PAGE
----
Current issues of ACP Journal Club are published in Annals of Internal Medicine


Economics

Triple therapy and proton pump inhibitors had lowest costs and best outcomes for Helicobacter pylori infection

ACP J Club. 1997 Jul-Aug;127:22. doi:10.7326/ACPJC-1997-127-1-022


Source Citation

Taylor JL, Zagari M, Murphy K, Freston JW. Pharmacoeconomic comparison of treatments for the eradication of Helicobacter pylori. Arch Intern Med. 1997 Jan 13;157:87-97.


Abstract

Objective

To determine the costs and outcomes of treatment of Helicobacter pylori infection with 8 antibiotic regimens and maintenance therapy using histamine2-receptor antagonists (H2RAs).

Design

Cost-effectiveness analysis using a decision-analytic model with prescribing data from a meta-analysis of 119 studies.

Setting

Economic perspective of the U.S. health care system; clinical data from international literature.

Patients

Hypothetical cohort of adults with proven duodenal ulcer who are followed for 1 year.

Intervention

8 antibiotic regimens (Table) and maintenance therapy with H2RA (daily generic cimetidine, 400 mg at bedtime).

Main cost and outcome measures

Ulcer recurrence (from meta-analysis data) and total costs adjusted for potential compliance (lower compliance rates were assigned to medications with higher dosing frequencies). Direct costs (1995 U.S. dollars) included the cost of inpatient and outpatient physician professional services (Medicare Physician Fee Schedule), testing for H. pylori infection, use of the endoscopy suite, hospitalization, and medication (mean 1995 wholesale prices). All data were adjusted for usual medication compliance.

Main results

Most antibiotic regimens had lower costs than maintenance H2RA therapy. 3 antibiotic regimens had lower costs and better outcomes (Table).

Conclusions

Standard triple therapy with or without a proton pump inhibitor, or clarithromycin, metronidazole, and a proton pump inhibitor had lower costs and better outcomes than H2RA maintenance therapy for Helicobacter pylori infection.

Source of funding: TAP (Takeida-Abbott Partnership) Holdings, Inc.

For article reprint: Dr. M. Zagari, Technology Assessment Group, 490 Second Street, Suite 201, San Francisco, CA 94107, USA. FAX 415-495-8969.


Table. Drug regimens, costs, eradication rate, and ulcer recurrence for H. pylori

Drug regimens Annual costs, U.S. $ Eradication rate, % Patients from from ulcer recurrrence at 1 year, %
BMT, 14 d, 4×/d* 223 80 82
CMPPI, 7 d, 2×/d* 235 84 85
BMTPPI, 7/7/7/10 d, 4×/d* 236 85 86
MAPPI, 7 d, 3×/d 261 76 80
BMA, 28/7/7 d, 4×/d 297 62 70
CAPPI, 14 d, 2×/d 339 82 84
APPI, 14 d, 2×/d 345 58 68
CPPI, 14 d, 3×/d 410 65 72
H2RA 425 72

*Consistently lower costs and better outcomes with Monte Carlo and sensitivity analyses. A = amoxicillin; B = bismuth; C = clarithromycin; H2RA = histamine2 receptor antagonist; M = metronidazole; PPI = proton pump inhibitors (omeprazole or lansoprazole); T = tetracycline.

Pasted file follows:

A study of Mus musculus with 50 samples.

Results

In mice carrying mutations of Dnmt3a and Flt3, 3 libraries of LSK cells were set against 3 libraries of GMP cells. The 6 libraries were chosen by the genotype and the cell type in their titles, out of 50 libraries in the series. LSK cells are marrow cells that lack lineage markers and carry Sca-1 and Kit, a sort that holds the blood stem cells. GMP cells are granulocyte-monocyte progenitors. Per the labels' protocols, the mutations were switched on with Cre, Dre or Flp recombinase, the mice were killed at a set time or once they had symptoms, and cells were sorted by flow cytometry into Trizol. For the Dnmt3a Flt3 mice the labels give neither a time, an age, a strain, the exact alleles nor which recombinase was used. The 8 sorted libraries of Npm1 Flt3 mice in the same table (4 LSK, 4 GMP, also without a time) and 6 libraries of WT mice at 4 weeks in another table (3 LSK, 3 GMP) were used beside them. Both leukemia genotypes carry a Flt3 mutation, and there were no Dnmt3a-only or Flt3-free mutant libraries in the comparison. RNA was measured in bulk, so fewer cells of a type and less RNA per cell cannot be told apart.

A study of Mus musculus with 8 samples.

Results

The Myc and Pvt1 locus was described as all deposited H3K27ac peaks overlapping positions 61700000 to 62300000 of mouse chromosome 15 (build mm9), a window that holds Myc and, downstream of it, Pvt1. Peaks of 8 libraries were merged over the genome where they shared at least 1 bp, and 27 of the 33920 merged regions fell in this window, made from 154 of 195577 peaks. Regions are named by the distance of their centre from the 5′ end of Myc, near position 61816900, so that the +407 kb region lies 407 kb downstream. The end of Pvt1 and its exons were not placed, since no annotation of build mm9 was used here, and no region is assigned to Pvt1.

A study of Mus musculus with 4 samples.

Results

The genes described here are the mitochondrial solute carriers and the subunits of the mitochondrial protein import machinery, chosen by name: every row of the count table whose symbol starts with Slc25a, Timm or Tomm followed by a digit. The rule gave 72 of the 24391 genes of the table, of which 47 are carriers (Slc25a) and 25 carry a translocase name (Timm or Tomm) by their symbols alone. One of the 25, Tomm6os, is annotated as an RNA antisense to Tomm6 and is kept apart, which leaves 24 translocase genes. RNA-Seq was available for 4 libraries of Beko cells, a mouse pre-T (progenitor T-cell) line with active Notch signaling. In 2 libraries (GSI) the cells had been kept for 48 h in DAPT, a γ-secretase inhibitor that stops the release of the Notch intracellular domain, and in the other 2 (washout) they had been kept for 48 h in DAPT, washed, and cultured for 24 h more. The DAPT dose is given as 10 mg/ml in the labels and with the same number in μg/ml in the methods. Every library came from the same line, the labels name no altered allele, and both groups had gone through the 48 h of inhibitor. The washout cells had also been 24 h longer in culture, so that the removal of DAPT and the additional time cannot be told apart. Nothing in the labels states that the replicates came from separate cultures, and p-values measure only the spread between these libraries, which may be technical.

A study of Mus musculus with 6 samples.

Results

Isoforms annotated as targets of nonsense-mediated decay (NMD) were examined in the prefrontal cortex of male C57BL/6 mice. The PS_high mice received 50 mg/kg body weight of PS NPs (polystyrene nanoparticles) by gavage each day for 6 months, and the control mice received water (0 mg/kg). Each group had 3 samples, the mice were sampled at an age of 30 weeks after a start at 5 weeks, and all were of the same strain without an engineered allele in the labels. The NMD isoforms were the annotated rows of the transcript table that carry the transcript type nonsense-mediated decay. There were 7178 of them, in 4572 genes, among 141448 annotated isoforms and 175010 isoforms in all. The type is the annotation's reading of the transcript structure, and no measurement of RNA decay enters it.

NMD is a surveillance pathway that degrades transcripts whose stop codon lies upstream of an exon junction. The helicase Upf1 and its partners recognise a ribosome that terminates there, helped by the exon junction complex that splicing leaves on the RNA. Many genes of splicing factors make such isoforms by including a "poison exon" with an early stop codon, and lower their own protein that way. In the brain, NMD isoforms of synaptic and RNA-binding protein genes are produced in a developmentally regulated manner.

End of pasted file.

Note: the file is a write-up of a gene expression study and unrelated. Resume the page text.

Commentary

Few medical therapies hold the promise of improving patient outcomes and lowering costs. Eradication of the bacterium H. pylori using combinations of antibiotics is 1 such breakthrough in the management of peptic ulcer disease. Although studies have shown that it is more cost-effective to eradicate the causative bacterium than to treat the symptoms with maintenance acid suppression, a key question still remains: Which eradication strategy offers the best value for money?

The study by Taylor and colleagues helps health care decision-makers address this question by comparing the costs and outcomes of 8 antibiotic and 1 acid-suppression regimens. The regimens with the lowest cost and that result in the lowest ulcer recurrence rates are bismuth triple therapy and triple therapies with proton pump inhibitors, such as omeprazole or lansoprazole.

The study is clearly presented and is a good example of the valuable synthetic techniques of meta-analysis for pooling clinical event probabilities (e.g., ulcer recurrence) and decision analysis for combining costs and events in a decision tree that maps out clinical decisions and consequences. But any model is only as good as the data on which it is built. 3 issues on data are worthy of comment. First, the authors of this model take on the challenge of trying to work antibiotic compliance into their analysis and quickly find very few reliable data. Second, the study does not include any consideration of resistance to such drugs as metronidazole. Third, a challenge for such models is that clinical trials on ulcer healing deliver efficacy data based on endoscopy that will likely "over-call" detection when compared with symptomatic presentation in real clinical practice.

These 3 gaps (and others) in evidence are unlikely to be filled by data from randomized trials in which the typical focus is efficacy and adherence to protocol (1). To make such models realistic and useful, we need to feed them data from multiple sources that reflect the actual use of the drugs in clinical practice.

Bernie J. O'Brien, PhD
McMaster UniversityHamilton, Ontario, Canada

Bernie J. O'Brien, PhD
McMaster University
Hamilton, Ontario, Canada


Reference

1. O'Brien BJ. Economic evaluation of pharmaceuticals. Frankenstein's monster or vampire of trials? Med Care. 1996;34:DS99-108.